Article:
Being a reflective learner allows you to step back from what you are learning and develop your critical thinking skills by analysing your experience and improving on your future performance.
Being a reflective learner involves making your learning a more conscious process. It helps you to become an active learner by asking questions and thinking critically about your own ideas. This can be a private process that you undertake as one of your own personal study strategies, or it may be part of your formal assessment. You may find there are unexpected rewards in consciously reflecting on your learning. The reflective process can help you find out things you had not considered before and you may even find that your academic writing improves.
Benefits of reflecting on your learning:
- Examine what you have learned and how you have learned it.
- Demonstrate how your thinking grows and develops over time.
- Assist with making connections between what you already know and what you are learning.
- Help you learn from mistakes by identifying how you would do things differently next time.
- Encourage you to become a reflective practitioner in your future career.
There are many levels of reflection. As you progress through your studies, you will develop your reflective practice and gradually learn to reflect at a deeper, more critical level. It is a useful to keep in mind that reflecting critically is an extension of critical thinking.
I kept a learning journal throughout my undergraduate degree reflecting on anything encountered during my studies I found particularly thought-provoking. When it came to applying for Honours, I had an extensive list of interesting topics to choose from.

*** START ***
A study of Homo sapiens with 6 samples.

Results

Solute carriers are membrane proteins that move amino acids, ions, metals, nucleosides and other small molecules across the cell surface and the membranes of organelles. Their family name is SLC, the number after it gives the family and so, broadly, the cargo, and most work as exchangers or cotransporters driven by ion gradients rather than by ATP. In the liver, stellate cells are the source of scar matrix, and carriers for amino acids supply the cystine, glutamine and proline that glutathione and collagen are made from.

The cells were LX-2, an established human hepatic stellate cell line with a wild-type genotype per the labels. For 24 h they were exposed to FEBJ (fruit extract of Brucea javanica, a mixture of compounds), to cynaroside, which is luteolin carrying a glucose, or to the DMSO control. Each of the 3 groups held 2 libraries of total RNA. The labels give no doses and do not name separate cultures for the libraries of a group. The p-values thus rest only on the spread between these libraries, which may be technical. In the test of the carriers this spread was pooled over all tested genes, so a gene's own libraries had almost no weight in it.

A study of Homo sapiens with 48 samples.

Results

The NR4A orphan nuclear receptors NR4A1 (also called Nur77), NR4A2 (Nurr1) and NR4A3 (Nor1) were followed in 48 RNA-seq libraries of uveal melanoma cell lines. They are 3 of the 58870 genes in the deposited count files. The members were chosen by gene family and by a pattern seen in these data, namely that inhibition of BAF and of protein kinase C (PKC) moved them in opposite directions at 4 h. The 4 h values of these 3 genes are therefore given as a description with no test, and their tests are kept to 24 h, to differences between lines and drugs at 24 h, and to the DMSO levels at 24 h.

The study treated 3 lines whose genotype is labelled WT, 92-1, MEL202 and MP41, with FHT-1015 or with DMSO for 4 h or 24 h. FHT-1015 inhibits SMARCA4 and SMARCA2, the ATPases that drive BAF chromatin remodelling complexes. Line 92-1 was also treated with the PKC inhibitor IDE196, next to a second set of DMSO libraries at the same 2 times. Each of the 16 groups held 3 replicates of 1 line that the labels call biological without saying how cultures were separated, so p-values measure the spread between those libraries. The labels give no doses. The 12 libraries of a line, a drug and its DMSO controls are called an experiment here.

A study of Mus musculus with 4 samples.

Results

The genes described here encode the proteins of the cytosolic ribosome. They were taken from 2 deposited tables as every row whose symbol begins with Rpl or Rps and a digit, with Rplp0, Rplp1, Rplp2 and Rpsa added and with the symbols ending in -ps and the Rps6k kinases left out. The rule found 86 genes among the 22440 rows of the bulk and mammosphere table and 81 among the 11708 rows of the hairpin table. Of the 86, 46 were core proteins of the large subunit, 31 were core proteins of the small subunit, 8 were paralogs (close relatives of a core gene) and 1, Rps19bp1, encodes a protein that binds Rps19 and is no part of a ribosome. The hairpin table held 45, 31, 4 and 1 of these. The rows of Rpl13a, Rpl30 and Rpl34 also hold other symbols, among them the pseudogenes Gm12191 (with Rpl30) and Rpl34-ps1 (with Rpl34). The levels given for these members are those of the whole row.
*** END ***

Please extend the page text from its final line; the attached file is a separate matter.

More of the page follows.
Senior Writing Mentor
So, what should you reflect on during your studies? Anything and everything! Reflecting on your experiences allows you to discover more about what you are learning and how you learn (the reflective process).
You can reflect on:
- How and when you learn best.
- What it is that drives your learning and what you are passionate about.
- Your progress in an area of study over time.
- Your process in solving a difficult problem in your academic work.
- Your reactions to the texts you are reading.
- What your essay title means and how to go about writing it.
- Feedback on your assessments and how to improve.
- Group work tasks and seminar discussions.
- Your own values, preferences and biases, and how this might impact your own writing.
- What is difficult at the moment and why? What is the next step? Who or what can help me here?
There is no right or wrong way to reflect on your learning. Once you begin to reflect regularly, you can review what you need to do and take steps to progress your own learning. One suggestion is to keep a learning journal to help you develop a regular, informal habit of reflecting on your learning experience. You can use the questions below to get started on your reflections or for further ideas, download the guide 'reflecting on your learning'.
Questions to get you started:
- What happened during that event or experience? And why did it happen?
- What was my role in the event? And why did I adopt that particular role?
- What were my feelings during that experience? And why did I feel that way?
- What were my thoughts during that experience? And why did I think that way?
- How do I interpret what I experienced or observed?
- What might this experience mean in the context of my course?
- What other perspectives, theories or concepts could be applied to interpret the situation?
- How can I learn from this experience?
Other reflection tools:
- Use CloudDeakin portfolio to evidence and reflect on your learning experiences.